The Hangover in question

Submitted by: Sondwip Mukherjee

You mustn’t think I’m not sorry the World Heritage Week, 2021 is over, because I am. The walks and events of DAG’s “The City as a Museum” were, for me, a never-before-had experience.
We sailed up and down the river Hooghly in a motor boat, with the full-moon shining bright and clear, and the light from the lamps, floating on the rippling waters, standing out from the dark with all the finesse of chiaroscuro. It was a sight to behold, even as we were being acquainted with the features of the different ghats.
A few days on, we crossed and re-crossed the river, ferrying betweeh “Peneti” and Konnagar. If the renovated “Nihar” on the Panihati side had its own draw, the property at Konnagar that once belonged to and was frequented by the Tagores, was an other-worldly experience, enlivened by the commentary by members of the DAG team.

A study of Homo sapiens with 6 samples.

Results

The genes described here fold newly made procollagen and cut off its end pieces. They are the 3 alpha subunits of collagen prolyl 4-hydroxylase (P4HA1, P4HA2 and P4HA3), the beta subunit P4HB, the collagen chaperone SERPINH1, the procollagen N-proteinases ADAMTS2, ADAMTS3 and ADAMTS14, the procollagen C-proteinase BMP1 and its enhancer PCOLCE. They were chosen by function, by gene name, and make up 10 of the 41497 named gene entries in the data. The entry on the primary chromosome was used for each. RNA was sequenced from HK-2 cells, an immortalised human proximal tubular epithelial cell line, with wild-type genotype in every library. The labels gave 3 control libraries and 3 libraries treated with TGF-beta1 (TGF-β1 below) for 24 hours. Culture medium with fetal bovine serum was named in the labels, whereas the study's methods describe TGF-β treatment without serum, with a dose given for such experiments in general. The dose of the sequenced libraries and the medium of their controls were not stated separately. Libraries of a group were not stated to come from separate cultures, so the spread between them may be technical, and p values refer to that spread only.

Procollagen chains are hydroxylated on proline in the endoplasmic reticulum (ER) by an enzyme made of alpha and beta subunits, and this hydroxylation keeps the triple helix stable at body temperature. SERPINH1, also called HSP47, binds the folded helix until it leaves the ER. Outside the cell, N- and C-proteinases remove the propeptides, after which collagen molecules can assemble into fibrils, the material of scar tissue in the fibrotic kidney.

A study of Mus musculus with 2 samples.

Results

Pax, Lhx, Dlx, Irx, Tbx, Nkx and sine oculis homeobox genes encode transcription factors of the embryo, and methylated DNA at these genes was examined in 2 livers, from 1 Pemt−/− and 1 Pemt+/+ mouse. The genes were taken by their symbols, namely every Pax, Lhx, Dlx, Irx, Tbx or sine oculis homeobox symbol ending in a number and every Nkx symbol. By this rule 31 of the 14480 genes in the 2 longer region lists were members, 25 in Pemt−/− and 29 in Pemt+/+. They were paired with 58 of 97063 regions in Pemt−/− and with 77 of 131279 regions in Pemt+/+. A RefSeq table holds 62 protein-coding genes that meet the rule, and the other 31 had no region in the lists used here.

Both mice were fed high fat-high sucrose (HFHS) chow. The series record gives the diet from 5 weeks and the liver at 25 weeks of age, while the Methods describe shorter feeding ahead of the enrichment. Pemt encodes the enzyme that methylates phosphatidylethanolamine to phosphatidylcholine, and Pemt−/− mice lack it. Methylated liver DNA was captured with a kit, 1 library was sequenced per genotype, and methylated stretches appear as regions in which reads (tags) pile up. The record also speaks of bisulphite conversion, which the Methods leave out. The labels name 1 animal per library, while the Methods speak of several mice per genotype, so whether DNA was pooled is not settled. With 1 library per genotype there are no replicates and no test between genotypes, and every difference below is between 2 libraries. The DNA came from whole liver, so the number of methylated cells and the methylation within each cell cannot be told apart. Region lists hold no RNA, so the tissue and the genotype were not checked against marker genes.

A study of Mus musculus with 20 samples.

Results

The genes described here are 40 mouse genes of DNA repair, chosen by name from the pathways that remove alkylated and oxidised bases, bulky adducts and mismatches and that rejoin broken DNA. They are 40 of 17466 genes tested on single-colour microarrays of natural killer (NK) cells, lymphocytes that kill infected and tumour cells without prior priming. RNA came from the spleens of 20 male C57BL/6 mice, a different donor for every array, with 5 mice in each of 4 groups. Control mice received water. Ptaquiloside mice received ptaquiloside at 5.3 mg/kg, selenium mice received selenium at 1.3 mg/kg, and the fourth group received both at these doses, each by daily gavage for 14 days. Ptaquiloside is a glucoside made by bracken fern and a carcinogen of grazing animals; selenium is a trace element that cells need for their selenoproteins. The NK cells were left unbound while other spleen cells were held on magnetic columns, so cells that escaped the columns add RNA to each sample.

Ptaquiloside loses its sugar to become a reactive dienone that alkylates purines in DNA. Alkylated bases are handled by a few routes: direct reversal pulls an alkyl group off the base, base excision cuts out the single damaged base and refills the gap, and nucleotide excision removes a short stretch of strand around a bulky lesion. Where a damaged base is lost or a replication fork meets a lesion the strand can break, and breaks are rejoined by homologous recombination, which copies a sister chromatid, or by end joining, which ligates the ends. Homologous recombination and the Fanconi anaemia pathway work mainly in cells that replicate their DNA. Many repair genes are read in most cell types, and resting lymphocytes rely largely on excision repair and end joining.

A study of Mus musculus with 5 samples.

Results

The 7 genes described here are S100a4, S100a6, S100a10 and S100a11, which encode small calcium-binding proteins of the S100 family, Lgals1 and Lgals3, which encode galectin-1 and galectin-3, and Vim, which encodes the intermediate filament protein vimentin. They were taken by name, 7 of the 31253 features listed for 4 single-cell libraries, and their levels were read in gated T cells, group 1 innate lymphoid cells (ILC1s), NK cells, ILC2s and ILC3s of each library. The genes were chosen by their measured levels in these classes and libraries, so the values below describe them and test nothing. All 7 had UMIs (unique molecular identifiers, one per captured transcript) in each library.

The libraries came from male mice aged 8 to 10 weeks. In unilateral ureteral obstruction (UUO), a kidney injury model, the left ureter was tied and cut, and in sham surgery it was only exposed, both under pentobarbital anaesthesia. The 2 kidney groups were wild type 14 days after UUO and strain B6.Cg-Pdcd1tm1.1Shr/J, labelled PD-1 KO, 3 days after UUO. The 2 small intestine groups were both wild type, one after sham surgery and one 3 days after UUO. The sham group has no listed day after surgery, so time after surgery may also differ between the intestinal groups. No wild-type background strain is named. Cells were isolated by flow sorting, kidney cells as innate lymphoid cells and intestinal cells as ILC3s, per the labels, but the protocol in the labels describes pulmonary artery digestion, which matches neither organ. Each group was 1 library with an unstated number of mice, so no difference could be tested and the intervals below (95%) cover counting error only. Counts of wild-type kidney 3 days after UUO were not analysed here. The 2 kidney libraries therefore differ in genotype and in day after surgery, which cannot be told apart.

But, what I found curious was the writing on a plaque below a bust in a corner of the alley leading to the Tagore House. In fact I was a bit flummoxed, for while the bust resembled Abanindranath Tagore, the tablet beneath read –

ABANINDRA NATH TAGORE
Father of the master artist

Now I, for one, have never seen any picture or statue of Aban Thakur’s son and, though the bust appeared to be that of Aban Thakur, the writing sowed the seeds of doubt in my mind. Could there have been such a close similarity beteen Aban Thakur and his son, Alokendra Nath?


A few steps on, there was a board saying –

Heritage Prperty
Garden House belongs to the
Father of the Master Artist
Abanindranath Tagore
(known as Konnagar Bagan Bari)

So, it is just the syntax that is confusing. The bust is indeed that of the Master Artist, Abanindra Nath Tagore.

Hang on.
The evening ended with a delightful performance by Srikanta Acharya and hid troupe. Never before has any tour been, for me, so stimulating, so intoxicating. And, the hangover lingers.